It’s hard to believe that the news hasn’t made it over to this corner of the blogosphere, but let it be known: Windows Vista has been officially released as of Tuesday, January 30. From what I here and see, Vista is the biggest and baddest Microsoft ever put churned out, with millions of lines of code. There are a number of new features and improvements in Windows Vista, some purely fluff in many people’s opinions, and some deep under the hood.
Slightly unrelated, but worth mentioning:
How much more astonishing, then, is what Microsoft has accomplished. Apple had it easy: it kept its PC box closed, maintaining control over the hardware so it would perfectly suit its software. But Microsoft faced hundreds of thousands of boards, drives and chips like those I had spread out before me a few weeks ago, all of differing technological vintages, made by hundreds of companies with wildly different goals. Microsoft has taken these objects, along with the many thousands of PC programs now sold, and tried to create a system that would overlook their dizzying differences, bind them to a coherent vision and force them, in all their variety, to leave techne behind for the uncharted possibilities of magic.
Vista unlocks a new user interface, officially dubbed Aero Glass, which showcases of the power of your graphics hardware with transparent window frames and title bars and other special effects. In PC World’s feature article from the January 2007 issue, the author says a lot about how eye candy makes his day. Readers wrote back arguing against that, saying that a nice look isn’t the only thing that he should be proud of.
A number of new applications are included in Vista. They somewhat mimic Mac OS X with the new photo organization tool, a DVD-authoring program, and a calendaring app. Unfortunately for some, the Vista version of WordPad has dropped support for the Microsoft Word format, most probably in a push for users to but the new Office 2007. Most of the new apps are crude but effective for novice to intermediate PC users.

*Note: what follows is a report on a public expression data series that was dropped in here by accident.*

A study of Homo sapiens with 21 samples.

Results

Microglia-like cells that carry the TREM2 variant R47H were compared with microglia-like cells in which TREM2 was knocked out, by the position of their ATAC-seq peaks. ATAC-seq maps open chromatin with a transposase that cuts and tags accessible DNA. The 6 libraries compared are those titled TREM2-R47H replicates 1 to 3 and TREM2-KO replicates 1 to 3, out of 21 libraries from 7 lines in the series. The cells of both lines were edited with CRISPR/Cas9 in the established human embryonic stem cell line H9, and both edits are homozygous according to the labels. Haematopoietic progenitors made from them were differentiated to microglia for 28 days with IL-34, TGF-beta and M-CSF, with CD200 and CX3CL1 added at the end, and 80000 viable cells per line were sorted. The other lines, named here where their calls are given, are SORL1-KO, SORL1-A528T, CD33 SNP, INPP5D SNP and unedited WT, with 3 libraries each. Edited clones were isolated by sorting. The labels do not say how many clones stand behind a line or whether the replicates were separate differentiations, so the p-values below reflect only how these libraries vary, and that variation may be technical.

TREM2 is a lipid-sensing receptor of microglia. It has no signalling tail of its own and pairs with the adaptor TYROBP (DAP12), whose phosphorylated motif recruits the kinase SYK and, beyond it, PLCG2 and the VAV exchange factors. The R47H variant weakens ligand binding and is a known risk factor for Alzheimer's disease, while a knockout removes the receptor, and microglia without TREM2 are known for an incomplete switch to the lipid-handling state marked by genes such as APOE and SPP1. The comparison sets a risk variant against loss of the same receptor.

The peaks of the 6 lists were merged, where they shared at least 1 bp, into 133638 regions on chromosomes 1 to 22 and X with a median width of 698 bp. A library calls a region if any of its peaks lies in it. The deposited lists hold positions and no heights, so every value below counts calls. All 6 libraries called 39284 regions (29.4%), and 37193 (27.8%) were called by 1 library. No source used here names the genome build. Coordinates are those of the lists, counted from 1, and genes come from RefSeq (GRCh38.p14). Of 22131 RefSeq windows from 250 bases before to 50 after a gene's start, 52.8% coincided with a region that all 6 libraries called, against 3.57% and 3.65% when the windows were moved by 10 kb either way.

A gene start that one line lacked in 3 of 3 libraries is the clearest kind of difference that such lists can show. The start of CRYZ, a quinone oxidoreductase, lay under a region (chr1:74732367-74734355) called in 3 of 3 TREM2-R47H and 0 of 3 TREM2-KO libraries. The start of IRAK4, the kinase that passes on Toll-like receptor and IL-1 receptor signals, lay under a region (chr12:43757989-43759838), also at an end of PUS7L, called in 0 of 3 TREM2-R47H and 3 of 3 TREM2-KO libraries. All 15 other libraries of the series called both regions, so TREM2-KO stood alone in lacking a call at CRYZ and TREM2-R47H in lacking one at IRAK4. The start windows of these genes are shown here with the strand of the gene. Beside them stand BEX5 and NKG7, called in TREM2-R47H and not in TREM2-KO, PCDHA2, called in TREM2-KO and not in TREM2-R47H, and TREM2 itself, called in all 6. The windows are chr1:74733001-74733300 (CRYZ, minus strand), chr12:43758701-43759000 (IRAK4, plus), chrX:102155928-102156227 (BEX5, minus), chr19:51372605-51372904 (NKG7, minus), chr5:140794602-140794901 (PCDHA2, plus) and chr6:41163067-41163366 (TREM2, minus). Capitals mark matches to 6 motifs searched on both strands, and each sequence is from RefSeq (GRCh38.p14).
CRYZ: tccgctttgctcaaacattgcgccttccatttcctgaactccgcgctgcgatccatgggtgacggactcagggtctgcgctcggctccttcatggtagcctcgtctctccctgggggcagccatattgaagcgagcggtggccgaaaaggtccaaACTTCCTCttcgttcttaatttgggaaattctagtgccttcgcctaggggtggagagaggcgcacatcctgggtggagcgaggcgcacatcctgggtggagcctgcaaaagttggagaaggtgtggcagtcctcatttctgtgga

Aside from Aero, the desktop in general has gotten a few enhancements. The new Sidebar functionality is similar to OS X Widgets. The Sidebar gadgets can place hooks into the OS, providing system-level information to the user. Also, upon mousing over a taskbar button, the user is shown a small preview of the window’s contents, and can even display live content. Last in my (non-fully inclusive) list of features is Flip 3D, a replacement for the Windows + Tab keystroke that allows the user to switch windows in style. It shows the windows in a slanted stack.
Once you get past the surface, there are some under the hood (in one case, more over the hood than under) improvements in the areas of security and performance. The new user Account Control nags at the user for even seemingly non-administrative tasks, but helps protect the user from attacks and their own mistakes. Vista includes Internet Explorer 7, which is also available for Windows XP, and includes some of the much wanted features from today’s other browsers (like tabs and feed-reading capabilities). Also up are new graphics and programming frameworks for building richer applications and games.
Most of the notable enhancements that Windows Vista shows at this point are more eye candy than useful additions. However, as time goes on (and hardware compatibility rises), more of the monstrosity’s features will be put to use, giving users more reasons to enjoy the new OS. However, if you feel that windows XP is sufficient, stick with it, and wait for your next computer to get Vista.